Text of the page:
College diversity policies don’t extend to Asians, low-income whites, Junior ROTC officers or Idaho farm boys, writes Russell Nieli, who works for Princeton’s James Madison Program in American Ideals and Institutions, on Minding the Campus.
A new study by Princeton sociologist Thomas Espenshade and Alexandria Radford uses data from eight highly competitive public and private colleges and universities over three years.
To have the same chances of gaining admission as a black student with an SAT score of 1100, an Hispanic student otherwise equally matched in background characteristics would have to have a 1230, a white student a 1410, and an Asian student a 1550.
Low-income status improved the admissions chances for blacks, Hispanics and Asians, but not for whites. Private institutions were much more likely to admit affluent whites than disadvantaged whites with the same grades and test scores.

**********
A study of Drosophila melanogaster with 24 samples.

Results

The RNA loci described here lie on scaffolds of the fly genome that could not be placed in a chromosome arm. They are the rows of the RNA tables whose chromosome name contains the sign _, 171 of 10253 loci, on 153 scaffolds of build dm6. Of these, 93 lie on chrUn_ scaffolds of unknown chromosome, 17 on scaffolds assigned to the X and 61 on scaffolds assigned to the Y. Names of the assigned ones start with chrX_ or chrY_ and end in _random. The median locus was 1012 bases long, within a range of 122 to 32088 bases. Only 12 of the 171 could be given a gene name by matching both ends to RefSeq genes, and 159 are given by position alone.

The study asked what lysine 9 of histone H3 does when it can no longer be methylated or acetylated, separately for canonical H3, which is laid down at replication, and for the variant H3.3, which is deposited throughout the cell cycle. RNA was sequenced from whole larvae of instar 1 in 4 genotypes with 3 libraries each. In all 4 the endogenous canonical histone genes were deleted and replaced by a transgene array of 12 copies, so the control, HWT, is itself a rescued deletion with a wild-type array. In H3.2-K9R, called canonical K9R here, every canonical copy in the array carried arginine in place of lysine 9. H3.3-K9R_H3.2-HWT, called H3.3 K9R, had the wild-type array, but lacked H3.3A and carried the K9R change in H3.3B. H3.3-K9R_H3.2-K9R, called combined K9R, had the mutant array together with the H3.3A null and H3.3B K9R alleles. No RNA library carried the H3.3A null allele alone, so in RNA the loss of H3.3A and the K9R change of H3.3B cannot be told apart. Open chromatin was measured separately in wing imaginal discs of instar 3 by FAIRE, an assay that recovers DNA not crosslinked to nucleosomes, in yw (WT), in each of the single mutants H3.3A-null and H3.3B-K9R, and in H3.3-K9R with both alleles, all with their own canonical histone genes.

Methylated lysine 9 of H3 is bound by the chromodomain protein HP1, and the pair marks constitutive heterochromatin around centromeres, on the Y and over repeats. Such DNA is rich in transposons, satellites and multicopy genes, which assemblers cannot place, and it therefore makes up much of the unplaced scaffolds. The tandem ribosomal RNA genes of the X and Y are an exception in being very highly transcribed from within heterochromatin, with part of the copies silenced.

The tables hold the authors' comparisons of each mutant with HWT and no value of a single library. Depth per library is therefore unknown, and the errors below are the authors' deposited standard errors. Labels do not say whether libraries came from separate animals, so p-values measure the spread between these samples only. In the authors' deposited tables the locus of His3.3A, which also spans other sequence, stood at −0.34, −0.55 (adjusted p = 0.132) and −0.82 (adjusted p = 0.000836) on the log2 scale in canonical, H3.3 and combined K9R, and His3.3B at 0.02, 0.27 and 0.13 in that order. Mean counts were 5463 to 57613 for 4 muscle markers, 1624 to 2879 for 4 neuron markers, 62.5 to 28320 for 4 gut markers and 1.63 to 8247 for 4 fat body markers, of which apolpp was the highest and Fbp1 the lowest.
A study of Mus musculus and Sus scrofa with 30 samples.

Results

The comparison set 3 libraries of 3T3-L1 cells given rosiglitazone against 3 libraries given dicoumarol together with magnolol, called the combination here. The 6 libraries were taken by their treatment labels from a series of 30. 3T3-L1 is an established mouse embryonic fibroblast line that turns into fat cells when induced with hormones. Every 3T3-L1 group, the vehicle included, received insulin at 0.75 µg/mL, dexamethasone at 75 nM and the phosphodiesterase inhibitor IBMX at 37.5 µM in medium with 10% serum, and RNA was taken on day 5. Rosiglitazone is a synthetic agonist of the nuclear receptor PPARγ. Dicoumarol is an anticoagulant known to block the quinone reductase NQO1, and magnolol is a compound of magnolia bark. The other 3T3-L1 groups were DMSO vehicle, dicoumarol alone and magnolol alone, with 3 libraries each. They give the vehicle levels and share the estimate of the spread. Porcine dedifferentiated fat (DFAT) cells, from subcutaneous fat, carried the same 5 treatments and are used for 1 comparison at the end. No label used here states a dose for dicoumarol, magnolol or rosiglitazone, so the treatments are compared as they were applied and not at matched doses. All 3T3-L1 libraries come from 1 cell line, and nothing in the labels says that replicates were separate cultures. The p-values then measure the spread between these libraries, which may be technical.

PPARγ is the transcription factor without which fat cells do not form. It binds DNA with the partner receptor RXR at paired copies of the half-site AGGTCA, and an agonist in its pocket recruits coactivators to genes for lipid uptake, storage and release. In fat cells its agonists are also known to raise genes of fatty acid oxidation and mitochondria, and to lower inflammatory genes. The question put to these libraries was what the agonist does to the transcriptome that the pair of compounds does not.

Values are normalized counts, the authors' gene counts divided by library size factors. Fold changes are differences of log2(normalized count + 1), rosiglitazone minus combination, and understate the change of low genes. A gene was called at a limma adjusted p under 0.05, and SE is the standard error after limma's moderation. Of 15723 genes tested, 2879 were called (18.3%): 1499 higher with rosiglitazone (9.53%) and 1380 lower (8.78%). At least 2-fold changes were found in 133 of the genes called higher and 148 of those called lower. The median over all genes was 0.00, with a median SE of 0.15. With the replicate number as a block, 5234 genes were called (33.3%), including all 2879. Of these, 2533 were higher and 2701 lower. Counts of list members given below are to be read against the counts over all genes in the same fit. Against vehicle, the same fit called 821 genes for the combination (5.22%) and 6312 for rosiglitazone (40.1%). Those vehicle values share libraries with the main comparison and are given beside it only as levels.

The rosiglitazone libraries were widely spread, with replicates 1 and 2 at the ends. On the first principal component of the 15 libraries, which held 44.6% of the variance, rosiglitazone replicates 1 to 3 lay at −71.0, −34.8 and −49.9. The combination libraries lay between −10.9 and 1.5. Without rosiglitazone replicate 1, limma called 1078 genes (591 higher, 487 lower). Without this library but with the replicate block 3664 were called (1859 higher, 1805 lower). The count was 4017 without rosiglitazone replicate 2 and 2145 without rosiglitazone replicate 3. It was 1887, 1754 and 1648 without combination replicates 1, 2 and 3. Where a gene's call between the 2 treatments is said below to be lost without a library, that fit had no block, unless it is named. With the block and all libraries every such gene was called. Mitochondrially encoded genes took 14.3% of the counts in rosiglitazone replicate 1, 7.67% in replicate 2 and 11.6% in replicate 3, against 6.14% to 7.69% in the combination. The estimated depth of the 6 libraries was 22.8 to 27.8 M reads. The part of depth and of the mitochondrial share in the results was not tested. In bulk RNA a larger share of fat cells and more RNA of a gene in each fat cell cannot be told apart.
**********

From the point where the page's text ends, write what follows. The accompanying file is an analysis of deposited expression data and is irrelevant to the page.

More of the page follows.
Private institutions, Espenshade and Radford suggest, “intentionally save their scarce financial aid dollars for students who will help them look good on their numbers of minority students.”
In the Bakke ruling Lewis Powell laid the groundwork for “diversity” admissions, Nieli points out. Powell wrote:
“A farm boy from Idaho can bring something to Harvard College that a Bostonian cannot offer. Similarly, a black student can usually bring something that a white person cannot offer.”
But the Ivy League doesn’t see Idaho farm boys or other red-staters as diverse. In most cases, extracurriculars help admission, especially for students in leadership roles, but that’s not true for Junior ROTC officers or 4-H or Future Farmers of America leaders, the study found. Excelling in these activities “is associated with 60 or 65 percent lower odds of admission.”
Update: New York Times columnist Ross Douthat cites Nieli and the Espenshade study in The Roots of White Anxiety.